Time Is An Investment
What does your dream life after the military look like? Maybe for you, it’s a business venture, a career change, a new car, or a dream home. Whether you’re planning to serve eleven more years in the military – or just one – the time you have between now and then is an opportunity to work towards making your dream a reality. It’s an opportunity to work on good budgeting, seeking the right financial advice, preparing for change, and investing in additional skills.
Whether you’re planning to serve eleven more years in the military – or just one – the time you have between now and then is an opportunity to work towards making your dream a reality.
Assess Where You Are
The first step towards making your dream a reality should be to assess where you are right now. Assess your budgeting skills and your savings. If you need help with a budget, many bases have personal finance courses at family centers. Your budget and how much you save is very important to reach your dream.
As you assess your budget (and spending), think about what makes you happy. In their book “What Color Is Your Parachute – Retirement,” Nelson and Bolles describe three approaches to being happy (pleasure, engagement, or meaning). Pleasure can be a Frappuccino or a movie, engagement is being deeply involved in an activity such as an off-duty sport, and meaning is focusing your skills on a purpose larger than you (similar to your service in the military).
Spending money on items that are in the Pleasure category is important but should be done in moderation.
Nelson and Bolles point out that Pleasure is easiest for marketers to target and marketers will try to convince you that buying their product will make you happy. Without a budget, people tend to overspend money on Pleasure items yet may be unhappy. This is usually because there is no money left for Engagement or Meaning. Your dreams should be at the Engagement or Meaning level and your budget should prioritize your dream. An occasional Frappuccino or movie is OK but you should plan for that in your budget appropriately.
Pick An Investment Advisor to Follow
After you assess your budget and savings, you should choose an investment advisor to follow. Do some online searching, listen to some investment podcasts, and consider several advisors. As you consider advisors, avoid anyone who wants to charge a fee for investment advice. Focus on advisors who are independent of financial institutions and look to the articles or blogs on their website.
Chris Hogan is an investment advisor that I follow because his advice is very close to my father’s advice. Hogan is a proponent of planning a monthly budget, saving diligently, yet enjoying life or pleasures in moderation. Hogan recommends saving regardless of how little you make. There is no magic, homerun investment to Hogan’s approach. In fact, Hogan is a more conservative investor yet he and his followers achieve great outcomes.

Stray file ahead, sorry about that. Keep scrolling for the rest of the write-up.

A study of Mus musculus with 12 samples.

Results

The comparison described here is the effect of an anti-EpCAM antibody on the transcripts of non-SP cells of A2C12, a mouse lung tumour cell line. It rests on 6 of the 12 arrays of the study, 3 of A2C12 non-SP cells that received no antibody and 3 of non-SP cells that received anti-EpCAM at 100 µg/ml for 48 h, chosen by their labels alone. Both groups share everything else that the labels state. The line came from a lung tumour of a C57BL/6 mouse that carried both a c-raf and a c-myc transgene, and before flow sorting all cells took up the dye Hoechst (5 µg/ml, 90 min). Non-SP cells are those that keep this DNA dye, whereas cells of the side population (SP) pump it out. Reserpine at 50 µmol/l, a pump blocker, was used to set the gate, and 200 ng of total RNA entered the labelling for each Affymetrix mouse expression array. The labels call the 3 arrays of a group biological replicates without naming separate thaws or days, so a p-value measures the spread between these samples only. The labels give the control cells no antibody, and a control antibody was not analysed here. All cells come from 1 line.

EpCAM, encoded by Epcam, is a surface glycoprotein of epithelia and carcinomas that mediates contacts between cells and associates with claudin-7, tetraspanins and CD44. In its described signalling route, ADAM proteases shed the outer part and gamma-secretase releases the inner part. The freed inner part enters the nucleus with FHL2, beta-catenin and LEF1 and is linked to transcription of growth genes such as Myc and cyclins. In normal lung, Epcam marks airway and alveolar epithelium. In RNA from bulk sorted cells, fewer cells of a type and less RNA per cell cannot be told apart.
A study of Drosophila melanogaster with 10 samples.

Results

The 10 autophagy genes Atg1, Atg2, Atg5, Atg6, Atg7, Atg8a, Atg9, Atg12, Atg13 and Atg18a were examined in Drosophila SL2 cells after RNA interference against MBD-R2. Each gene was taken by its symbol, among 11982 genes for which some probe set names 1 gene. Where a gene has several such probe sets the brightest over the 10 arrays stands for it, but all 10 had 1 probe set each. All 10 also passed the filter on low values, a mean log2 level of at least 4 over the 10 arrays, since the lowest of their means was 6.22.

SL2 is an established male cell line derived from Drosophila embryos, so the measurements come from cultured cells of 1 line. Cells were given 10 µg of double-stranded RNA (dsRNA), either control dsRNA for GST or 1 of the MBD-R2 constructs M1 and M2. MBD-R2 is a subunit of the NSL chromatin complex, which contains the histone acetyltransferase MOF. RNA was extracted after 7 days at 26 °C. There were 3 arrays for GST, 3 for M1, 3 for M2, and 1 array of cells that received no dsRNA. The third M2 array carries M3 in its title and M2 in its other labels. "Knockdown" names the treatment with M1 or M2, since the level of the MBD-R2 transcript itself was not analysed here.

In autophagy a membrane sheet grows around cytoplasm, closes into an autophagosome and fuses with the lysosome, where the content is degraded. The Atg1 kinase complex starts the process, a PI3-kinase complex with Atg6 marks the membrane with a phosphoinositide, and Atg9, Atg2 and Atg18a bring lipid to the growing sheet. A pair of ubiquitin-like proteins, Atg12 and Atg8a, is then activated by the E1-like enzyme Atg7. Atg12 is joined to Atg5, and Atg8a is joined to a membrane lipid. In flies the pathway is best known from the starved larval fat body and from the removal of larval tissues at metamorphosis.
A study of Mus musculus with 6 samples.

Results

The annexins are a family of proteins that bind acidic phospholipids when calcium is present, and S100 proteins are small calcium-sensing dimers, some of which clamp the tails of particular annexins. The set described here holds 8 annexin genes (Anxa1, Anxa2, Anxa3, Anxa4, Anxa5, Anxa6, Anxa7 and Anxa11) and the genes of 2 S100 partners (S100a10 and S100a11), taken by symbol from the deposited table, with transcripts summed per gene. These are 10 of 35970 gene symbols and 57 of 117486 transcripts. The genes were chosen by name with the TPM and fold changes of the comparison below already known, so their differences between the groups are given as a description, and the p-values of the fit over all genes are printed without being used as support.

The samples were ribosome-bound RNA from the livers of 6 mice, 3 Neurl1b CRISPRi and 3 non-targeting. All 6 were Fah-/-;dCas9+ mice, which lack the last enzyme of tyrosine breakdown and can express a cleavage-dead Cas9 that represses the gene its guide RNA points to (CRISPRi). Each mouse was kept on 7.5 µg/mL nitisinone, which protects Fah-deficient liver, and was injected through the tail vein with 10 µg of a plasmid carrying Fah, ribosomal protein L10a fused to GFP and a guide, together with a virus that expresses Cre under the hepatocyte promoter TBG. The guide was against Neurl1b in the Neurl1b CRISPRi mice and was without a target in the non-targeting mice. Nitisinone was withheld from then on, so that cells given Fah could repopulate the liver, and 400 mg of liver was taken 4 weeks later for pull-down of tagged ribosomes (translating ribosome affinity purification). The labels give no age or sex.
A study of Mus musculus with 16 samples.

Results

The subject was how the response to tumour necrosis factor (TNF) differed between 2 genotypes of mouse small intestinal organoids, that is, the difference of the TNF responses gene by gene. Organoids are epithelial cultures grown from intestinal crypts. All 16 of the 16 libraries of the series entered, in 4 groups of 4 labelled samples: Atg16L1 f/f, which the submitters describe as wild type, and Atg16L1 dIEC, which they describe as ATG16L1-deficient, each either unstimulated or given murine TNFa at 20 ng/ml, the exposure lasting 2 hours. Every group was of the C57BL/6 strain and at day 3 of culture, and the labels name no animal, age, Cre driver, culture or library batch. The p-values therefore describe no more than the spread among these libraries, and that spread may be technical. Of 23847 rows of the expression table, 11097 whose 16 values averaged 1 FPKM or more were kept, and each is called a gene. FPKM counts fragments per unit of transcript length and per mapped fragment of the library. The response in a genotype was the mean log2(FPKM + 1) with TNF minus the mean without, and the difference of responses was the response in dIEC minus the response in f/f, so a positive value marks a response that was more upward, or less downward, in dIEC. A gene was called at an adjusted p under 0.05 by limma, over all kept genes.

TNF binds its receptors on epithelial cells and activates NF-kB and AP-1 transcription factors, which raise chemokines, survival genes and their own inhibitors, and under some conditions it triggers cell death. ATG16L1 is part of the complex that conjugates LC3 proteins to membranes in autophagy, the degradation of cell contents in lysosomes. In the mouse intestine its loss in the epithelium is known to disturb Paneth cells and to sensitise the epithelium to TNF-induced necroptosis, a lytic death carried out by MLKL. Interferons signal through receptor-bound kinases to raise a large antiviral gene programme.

Hogan recommends saving regardless of how little you make.
Hogan’s biggest connection to my father is the subject of interest. My father taught me it is better to earn interest than to pay interest. Hogan explains the pitfalls of interest and debt in his article, “The Debt Snowball Explained.” Any debt will make a dream more difficult to achieve. If you don’t have debt, budget well and avoid it. If you do have debt, pay it off and get out from under it as quickly as is possible.
Prepare for Change
If you ever planned something in the military, you know what inevitably happens to the plan; it changes. Life after the military will bring a lot of change – and that change will continue for life. For example, you may pick a dream location to buy a house after your time in the military. When you do make the big move, you may find it is not the dream location you thought it was.
As a member of the military or even a military family, you have learned how to adapt to change. If you want to improve your ability to adapt to change, consider the author of Pivot, Jenny Blake. As you may guess, her book and podcasts are rooted in pivoting from a job to a successful business. Still, her methods apply to other dreams outside of business.
One key to Blake’s approach is “piloting.” To Blake, a pilot is a small experiment towards a change you want to make. A pilot allows you to test a small part of that change. Before making “the big move” to a dream location, a pilot would allow you to test the location. A pilot could be a week of leave in your dream location, using an Airbnb room. After the pilot, Blake recommends asking: What worked? What didn’t? What could you do differently? When you answer these questions, you can modify your plan to make it better for you. Overall, Blake’s approach allows one to make smarter, better informed decisions towards a big change.
Think About Your Investment in Skills
In addition to your savings, consider how you are investing your time at work and off-duty. Military skills are valuable but you may require additional skills for your dream. At work, you may want to look for situations that help your unit and improve your skills. Look for problems that continue without a solution in sight. Solving that problem may give you experience toward your dream and help your unit at the same time. Off-duty, there are a lot of volunteer opportunities to help people and invest in your skills. If your dream is about a home but you’ve been a renter your whole career, consider volunteering with Habitat for Humanity.
Military skills are valuable but you may require additional skills for your dream.
Why Not Start Now?
Whatever your dream is for life after the military, you can, and should, start investing right now. Budget and save, seek the right advice, prepare for change, and invest in additional skills. When you have the opportunity to work on your dream, you will appreciate the budgeting discipline, savings, flexibility, and skills that are required to make it happen.